Wednesday, November 16, 2016
Arrival: They Come in Peace, But What About Us?
That's a lofty goal, and the challenge for Arrival, which has been directed by Denis Villeneuve from a screenplay by Eric Heisserer (based on a short story by Ted Chiang), is to fully explore its intellectual inquiries while simultaneously supplying frissons of drama and suspense. It's a delicate balance that the film doesn't always strike perfectly—it's a little slow, and the integrity of the storytelling is occasionally compromised by a few one-dimensional minor characters. On the whole, though, Arrival is a consistently fascinating and sporadically transcendent achievement, the rare movie that demands being grappled with and argued about.
But getting back to questions, the first act of Arrival is preoccupied with just one: Why are they here? The "they" are alien spacecraft—shaped like giant obsidian eggs, a dozen have abruptly touched down across the globe, including one in Montana. (Their landing spots appear to be random; searching for a geographic pattern, the best scientists can come up with is a theory involving the popularity of Sheena Easton singles.) Understandably alarmed, the U.S. Army tasks a colonel (Forest Whitaker, inventing his own faux-Boston accent) with discerning the visitors' nature and purpose. Because the arrivals don't speak English (or any other recognizable language), the colonel recruits Doctor Louise Banks (an amazing Amy Adams), an expert linguist. Partnering with Ian, a theoretical physicist (Jeremy Renner, effortlessly likable), Louise endeavors to communicate with the aliens while the clock ticks constantly and anxious soldiers fidget with their trigger fingers.
Sicario was last year's most nail-biting movie, while his brutal drama Prisoners was similarly agonizing—and he infuses Louise and Ian's initial encounter with Earth's newest guests with characteristic dread. An extended sequence where the scientists enter the darkened spacecraft through a narrow opening in its hull, like upside-down spelunkers leaping into a great maw, is grippingly disorienting, the camera warping our spatial perception to keep us off-kilter and on edge. Even when we meet the aliens, Villeneuve wisely shields them behind a translucent glass wall, lending their appearance—called "heptapods", they basically look like oversized tree trunks with seven spindly legs—an aura of exotica. Bradford Young's smoky cinematography makes excellent use of shadow and obfuscation, while Jóhann Jóhannsson's throbbing score picks up where his music for Sicario left off, using dissonance and drone to amplify a deeply ominous mood.
Yet for all its fraught uncertainty—and despite a heart-pounding sequence midway through the film that roils with Hitchcockian suspense—Arrival isn't really a thriller. It's more stimulating as a cerebral study of the unknown, if one that Villeneuve and Adams make far more exciting than you might expect. A sort of "What if?" for UFO enthusiasts, the movie plausibly depicts the collaborative efforts that a group of smart people might undertake to communicate with a foreign species. As Louise continues to interact with the heptapods, she gradually gains a rudimentary comprehension of their written language, an intricate form of coiled, circular finger-painting. Yet there's still much work to be done, and in one geeky, fascinating scene, Louise diagrams the film's predominant question—"What is your purpose on Earth?"—and then explains the myriad complexities involved in articulating that message.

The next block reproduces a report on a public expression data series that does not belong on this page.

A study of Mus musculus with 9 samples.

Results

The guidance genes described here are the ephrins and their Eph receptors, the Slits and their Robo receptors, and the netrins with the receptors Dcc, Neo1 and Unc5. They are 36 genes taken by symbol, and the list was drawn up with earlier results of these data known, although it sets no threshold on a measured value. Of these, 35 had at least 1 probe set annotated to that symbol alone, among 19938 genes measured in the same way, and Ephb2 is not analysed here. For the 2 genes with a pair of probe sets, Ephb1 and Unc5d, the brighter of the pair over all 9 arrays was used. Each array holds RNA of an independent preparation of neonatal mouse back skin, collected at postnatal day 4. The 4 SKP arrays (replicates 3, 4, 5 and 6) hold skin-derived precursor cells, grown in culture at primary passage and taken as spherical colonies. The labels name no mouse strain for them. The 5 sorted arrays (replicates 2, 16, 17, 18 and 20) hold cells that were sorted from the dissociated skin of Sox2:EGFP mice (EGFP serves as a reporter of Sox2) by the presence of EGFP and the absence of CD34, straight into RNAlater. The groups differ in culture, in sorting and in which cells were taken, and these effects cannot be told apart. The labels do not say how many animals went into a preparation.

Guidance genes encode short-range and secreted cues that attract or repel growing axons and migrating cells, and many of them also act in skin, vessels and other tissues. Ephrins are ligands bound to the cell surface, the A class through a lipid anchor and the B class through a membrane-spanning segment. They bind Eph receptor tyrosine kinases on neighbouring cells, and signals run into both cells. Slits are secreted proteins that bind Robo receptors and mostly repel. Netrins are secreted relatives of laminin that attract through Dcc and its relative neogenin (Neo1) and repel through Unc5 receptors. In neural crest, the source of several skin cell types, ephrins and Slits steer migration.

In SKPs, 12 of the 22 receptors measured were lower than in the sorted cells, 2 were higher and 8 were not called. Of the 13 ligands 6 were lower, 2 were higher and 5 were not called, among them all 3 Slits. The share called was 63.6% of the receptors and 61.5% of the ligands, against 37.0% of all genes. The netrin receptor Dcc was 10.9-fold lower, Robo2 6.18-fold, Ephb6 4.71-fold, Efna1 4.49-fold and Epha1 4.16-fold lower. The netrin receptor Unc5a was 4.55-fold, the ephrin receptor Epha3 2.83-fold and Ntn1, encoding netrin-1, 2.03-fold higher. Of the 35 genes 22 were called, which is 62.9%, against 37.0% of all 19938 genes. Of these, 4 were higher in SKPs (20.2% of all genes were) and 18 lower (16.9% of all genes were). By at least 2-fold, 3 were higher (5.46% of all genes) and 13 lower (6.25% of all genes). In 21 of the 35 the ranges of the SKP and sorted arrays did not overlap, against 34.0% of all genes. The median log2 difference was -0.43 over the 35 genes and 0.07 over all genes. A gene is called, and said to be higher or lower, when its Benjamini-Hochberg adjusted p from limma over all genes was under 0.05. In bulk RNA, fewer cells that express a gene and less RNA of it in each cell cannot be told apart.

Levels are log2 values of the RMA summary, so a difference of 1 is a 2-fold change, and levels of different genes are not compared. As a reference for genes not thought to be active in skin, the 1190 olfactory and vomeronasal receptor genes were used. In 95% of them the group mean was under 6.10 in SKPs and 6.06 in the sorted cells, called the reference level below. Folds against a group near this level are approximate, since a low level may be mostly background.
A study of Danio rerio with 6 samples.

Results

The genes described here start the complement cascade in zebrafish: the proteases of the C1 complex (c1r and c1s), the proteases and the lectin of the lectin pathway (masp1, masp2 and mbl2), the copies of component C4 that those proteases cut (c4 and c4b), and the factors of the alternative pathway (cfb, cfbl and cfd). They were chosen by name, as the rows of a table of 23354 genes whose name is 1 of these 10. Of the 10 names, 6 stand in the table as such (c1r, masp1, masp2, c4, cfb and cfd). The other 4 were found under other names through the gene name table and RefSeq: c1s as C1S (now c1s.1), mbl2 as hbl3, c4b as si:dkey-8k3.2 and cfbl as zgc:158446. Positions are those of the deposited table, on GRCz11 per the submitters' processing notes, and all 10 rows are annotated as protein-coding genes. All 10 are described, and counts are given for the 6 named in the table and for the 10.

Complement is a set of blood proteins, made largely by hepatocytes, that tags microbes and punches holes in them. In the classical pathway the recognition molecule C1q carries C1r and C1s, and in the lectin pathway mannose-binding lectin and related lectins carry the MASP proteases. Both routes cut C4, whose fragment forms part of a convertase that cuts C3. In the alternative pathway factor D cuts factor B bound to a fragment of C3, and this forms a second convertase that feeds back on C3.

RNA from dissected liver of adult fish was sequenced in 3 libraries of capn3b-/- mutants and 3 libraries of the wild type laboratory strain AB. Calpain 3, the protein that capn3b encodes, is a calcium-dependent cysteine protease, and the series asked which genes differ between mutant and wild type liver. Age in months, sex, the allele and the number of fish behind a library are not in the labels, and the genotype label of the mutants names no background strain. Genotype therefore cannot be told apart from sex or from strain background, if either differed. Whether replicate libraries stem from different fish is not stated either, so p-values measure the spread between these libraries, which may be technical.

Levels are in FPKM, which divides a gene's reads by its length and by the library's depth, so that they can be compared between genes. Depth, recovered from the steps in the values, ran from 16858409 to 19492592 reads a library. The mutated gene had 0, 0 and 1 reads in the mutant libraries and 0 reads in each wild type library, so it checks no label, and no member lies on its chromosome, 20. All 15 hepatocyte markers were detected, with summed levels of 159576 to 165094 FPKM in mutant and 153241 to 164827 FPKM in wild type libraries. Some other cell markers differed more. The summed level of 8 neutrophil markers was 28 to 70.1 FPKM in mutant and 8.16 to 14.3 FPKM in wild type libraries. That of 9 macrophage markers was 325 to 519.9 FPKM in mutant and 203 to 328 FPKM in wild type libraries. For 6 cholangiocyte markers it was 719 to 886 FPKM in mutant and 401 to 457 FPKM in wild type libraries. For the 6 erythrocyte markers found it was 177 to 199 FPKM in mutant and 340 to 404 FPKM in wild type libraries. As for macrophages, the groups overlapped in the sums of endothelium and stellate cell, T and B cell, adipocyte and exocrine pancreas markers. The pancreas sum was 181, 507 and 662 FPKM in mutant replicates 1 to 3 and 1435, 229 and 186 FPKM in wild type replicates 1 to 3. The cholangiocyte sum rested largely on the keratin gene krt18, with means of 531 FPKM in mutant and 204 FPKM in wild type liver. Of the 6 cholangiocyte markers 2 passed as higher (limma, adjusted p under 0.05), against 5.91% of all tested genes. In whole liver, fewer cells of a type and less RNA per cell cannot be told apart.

Interstellar—Villeneuve and Adams make certain to tether these brainy conceits to Louise's own personal struggle.
But even beyond this, Arrival is something else: a blunt, unapologetic, genuinely moving parable. The predicament that its characters face is global, not local, and during the course of the film, they routinely converse with leaders from other nations on a bank of television screens, sharing data and discussing next steps. Yet as the movie's pace quickens and its tone darkens, many of those screens go blank, resulting in an isolation that seems destined to lead to disaster. In this, Arrival posits a nigh-religious conflict, pitting humanity's most munificent instincts—tolerance, openness, generosity—against its bleakest impulses—mistrust, entrenchment, xenophobia. (Where Louise embodies the former, the latter are given voice by an enjoyably officious Michael Stuhlbarg.) As Louise recognizes, only through the basic virtues of decency and empathy—only by pursuing harmony rather than spreading discord—can our planet's cultures work together to forge a way forward. It's almost like it has nothing to do with aliens at all.
You may be tempted to disparage this allegory as obvious, cheesy, sentimental. What's the point of lauding the qualities of open-mindedness and understanding when no one could reasonably oppose them? To which I would counter: Have you seen the news? Arrival would be a meaningful picture regardless of its release date, but it feels especially urgent in light of the presidential election, a cycle of ugliness that has normalized hatred and kindled fear. As we move into a new political era—one that is likely to bring about seismic changes in terms of immigration, foreign affairs, and countless other issues—it is heartening to watch a movie that argues so persuasively for the inherent kindness of the human race.
But entertainment is not this movie's primary goal. This is not to discount its pleasures: Arrival looks and sounds great, and any time spent with Amy Adams is a gift. Still, there's more going on here than strong storytelling and exquisite craft. Not unlike the creatures it portrays, Arrival is an unusual species: a mainstream studio movie with something to say. And as the final leg of Louise's journey makes painfully, beautifully clear, we would be remiss not to listen.